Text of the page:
Published By: EA
Developed By: Big Head Games
Genre: First-person RPG
Release Date: Q3 2011
Most gamers may not know the name Ken Rolston, but chances are they've played one of his games. Rolston worked on Elder Scrolls III: Morrowind and Elder Scrolls IV: Oblivion. Now he's bringing his considerable talents to a new venture, teaming up with 38 Studios (with the likes of Curt Schilling, Todd McFarlane and R.A. Salvatore). While there's little of the game to show at this time (just a CG trailer), there was plenty for Rolston and his cohorts to discuss.
38 Studios has teamed with Big Huge Games to make Reckoning, an RPG set in the world of Amalur. This new land was created by Salvatore (he's a writer… of books). He's part of what could be considered an all-star team. Salvatore creates the world -- even wrote a 10,000-year history -- and Todd McFarlane helps set the visual tone. Admitted game-aholic Curt Schilling provides his own mix of ideas, enthusiasm and (we'll assume) financing. And Rolston handles the overall game direction.
Expect something similar to Oblivion but, as McFarlane put it, they will "turn up the volume a little bit." What's that actually mean? McFarlane wants more consequences when you're going between quests and less time when nothing is happening.
Rolston agrees. "I want to steal the good parts [of an action game] for my vision of a roleplaying game," he told a captive crowd at Comic-Con. "I want to increase the pace."
If you've played Oblivion or Morrowind, you have an idea of what Rolston likes. Big open worlds with a vast narrative. For Reckoning, he wants to smooth out what he calls the "clunky" elements of RPGs. We tend to accept the poor animations and moderately good combat system of Oblivion because it's an RPG. Ralston isn't accepting that excuse anymore. Reckoning needs to look good, play brilliantly and have all the expected elements for those who loved Oblivion. Uh, yes please.
If you needed any further convincing that Rolston has a vision for what makes a great RPG, he set all doubts to rest. He explained the secret to making great games like Oblivion. "It's giving you a powerful, compelling story," he said, standing to make his point. "Powerful enough to be a great movie and a great novel and then giving you a world with so many things to distract you from getting to the ending." He knows he's succeeded if he can "sucker you into the dark world where that story isn't, because you don't want it to end."
McFarlane, who admits he's not a gamer, but says he observes people playing games, is confident they can deliver something special.
"We will kill some people in this game better than anyone has ever killed anyone in a videogame," he promised.
Now that's one way to hammer out your problems! Get it?
His role isn't just to design some creatures, but to oversee all aspects of the visual world, including how creatures move and interact with the world. When you take on a big creature, it requires you to make big, exaggerated moves. If you're going to kill something, you go all out. He demonstrated by standing on the table, swinging wildly, and frightening several small children. But the basics are spot on. You want to feel the scale of the world and when you come across something big and nasty, you want the earth to shake beneath its feet.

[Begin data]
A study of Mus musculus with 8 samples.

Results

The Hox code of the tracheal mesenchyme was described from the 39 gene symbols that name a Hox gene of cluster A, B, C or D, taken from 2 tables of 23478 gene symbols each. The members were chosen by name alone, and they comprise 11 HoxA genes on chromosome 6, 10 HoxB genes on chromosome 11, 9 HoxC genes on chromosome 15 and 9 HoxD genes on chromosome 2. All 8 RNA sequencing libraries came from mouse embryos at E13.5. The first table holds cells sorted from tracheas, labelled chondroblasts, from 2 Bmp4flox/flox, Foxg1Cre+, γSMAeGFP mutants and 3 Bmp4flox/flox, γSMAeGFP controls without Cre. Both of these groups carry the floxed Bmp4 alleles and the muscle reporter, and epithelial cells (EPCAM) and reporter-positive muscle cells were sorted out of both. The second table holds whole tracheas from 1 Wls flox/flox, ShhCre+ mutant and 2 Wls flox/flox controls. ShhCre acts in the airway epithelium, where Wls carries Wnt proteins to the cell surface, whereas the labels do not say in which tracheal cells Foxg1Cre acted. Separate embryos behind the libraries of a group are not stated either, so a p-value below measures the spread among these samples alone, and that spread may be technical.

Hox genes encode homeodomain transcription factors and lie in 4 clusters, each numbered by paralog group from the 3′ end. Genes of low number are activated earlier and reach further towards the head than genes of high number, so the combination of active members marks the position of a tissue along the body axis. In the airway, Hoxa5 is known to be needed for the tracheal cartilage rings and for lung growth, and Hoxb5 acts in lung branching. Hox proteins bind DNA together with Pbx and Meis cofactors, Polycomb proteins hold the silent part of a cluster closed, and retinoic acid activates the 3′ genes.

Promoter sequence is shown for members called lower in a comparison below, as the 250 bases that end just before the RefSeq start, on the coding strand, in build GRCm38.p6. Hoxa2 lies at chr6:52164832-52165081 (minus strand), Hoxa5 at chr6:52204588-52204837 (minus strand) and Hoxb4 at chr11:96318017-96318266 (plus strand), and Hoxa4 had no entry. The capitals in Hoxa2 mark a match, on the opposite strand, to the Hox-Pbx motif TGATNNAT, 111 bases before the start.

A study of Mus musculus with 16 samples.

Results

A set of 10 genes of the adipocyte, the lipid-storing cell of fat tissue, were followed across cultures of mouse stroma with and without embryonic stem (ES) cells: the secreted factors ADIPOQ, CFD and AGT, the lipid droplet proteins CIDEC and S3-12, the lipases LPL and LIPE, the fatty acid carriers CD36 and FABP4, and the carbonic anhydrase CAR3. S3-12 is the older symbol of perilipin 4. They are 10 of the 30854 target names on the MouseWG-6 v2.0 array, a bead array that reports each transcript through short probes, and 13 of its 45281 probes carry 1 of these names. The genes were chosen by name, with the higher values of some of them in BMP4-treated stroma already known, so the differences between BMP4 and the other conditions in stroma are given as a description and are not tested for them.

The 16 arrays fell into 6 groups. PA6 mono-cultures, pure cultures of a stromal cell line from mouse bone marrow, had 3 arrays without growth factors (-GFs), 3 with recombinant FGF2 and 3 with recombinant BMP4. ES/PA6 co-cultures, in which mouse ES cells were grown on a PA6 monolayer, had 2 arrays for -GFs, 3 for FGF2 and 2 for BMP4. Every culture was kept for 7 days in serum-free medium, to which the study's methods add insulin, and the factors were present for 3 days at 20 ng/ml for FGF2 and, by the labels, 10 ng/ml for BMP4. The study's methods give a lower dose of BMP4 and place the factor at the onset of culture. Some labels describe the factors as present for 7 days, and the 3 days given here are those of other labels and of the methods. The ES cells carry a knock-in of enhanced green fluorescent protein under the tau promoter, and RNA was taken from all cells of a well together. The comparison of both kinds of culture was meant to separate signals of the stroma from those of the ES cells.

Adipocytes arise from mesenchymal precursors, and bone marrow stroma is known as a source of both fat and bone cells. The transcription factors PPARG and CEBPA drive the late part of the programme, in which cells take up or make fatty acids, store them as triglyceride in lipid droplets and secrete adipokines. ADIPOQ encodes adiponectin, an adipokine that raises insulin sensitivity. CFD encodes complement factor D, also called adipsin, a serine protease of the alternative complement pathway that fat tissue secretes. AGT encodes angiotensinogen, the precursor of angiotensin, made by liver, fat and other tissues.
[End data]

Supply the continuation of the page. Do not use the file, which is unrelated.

This design philosophy goes from big picture to basic character creation. There's more than one type of mage, for example.
"Some mages and some wizards are poets, if you will," McFarlane said. "And it's almost like ballet. Then there's the angry wizard -- still got his music, but he shoots magic like he's fighting. He will step, launch the same magic, but the sequence and way he delivers that will be different than the other mage."
In some of the screenshots and concept art, we got to get a look as some of the creatures being created. These aren't signature McFarlane monsters. In fact, I don't know that most would even pick them as being from McFarlane without knowing in advance. But they do have some scale. One image shows a horrendous creature, easily as big as a house, crawling out of a pit with its giant pincher arms. Its single eye fires a green beam at some haggard-looking heroes. Two riders have chains lashed around the beast, tugging to control it. Who knows how that will actually play out in the game (or if the gameplay will be any good), but it certainly looks promising.
While Rolston handles the gameplay and McFarlane tackles the look, it's built on the base that Salvatore's created. "I want a place to care about, to call home, worth defending," Salvatore said. He created this vast history and then let the designers determine when the story should take place. They settled on the Age of Arcana.
The narration in the teaser trailer states, "All that lives must die. One birth, one death. For each life a reckoning." During the Age of Arcana, something interesting has happened to the world to change this. The Well of Souls is allowing people to be resurrected. Reckoning examines the consequences of this. "What happens in the world when you break that bargain?" Salvatore asked, referring to the basic human compact that we only live once. "What about the NPCs around the character? How do they feel about it?"
That's a question that will be taken into account throughout your time in Reckoning. But the bigger questions for gamers remain a mystery -- how will the game play and will it be any good? With Reckoning slated for a Fall 2011 release, it may be a while before we find out.
But as far as Rolston is concerned, we shouldn't be worried. He assured the crowd, "I feel personally, this will be sweet."
Edited by tridenthawk, 29 July 2010 - 07:54 AM.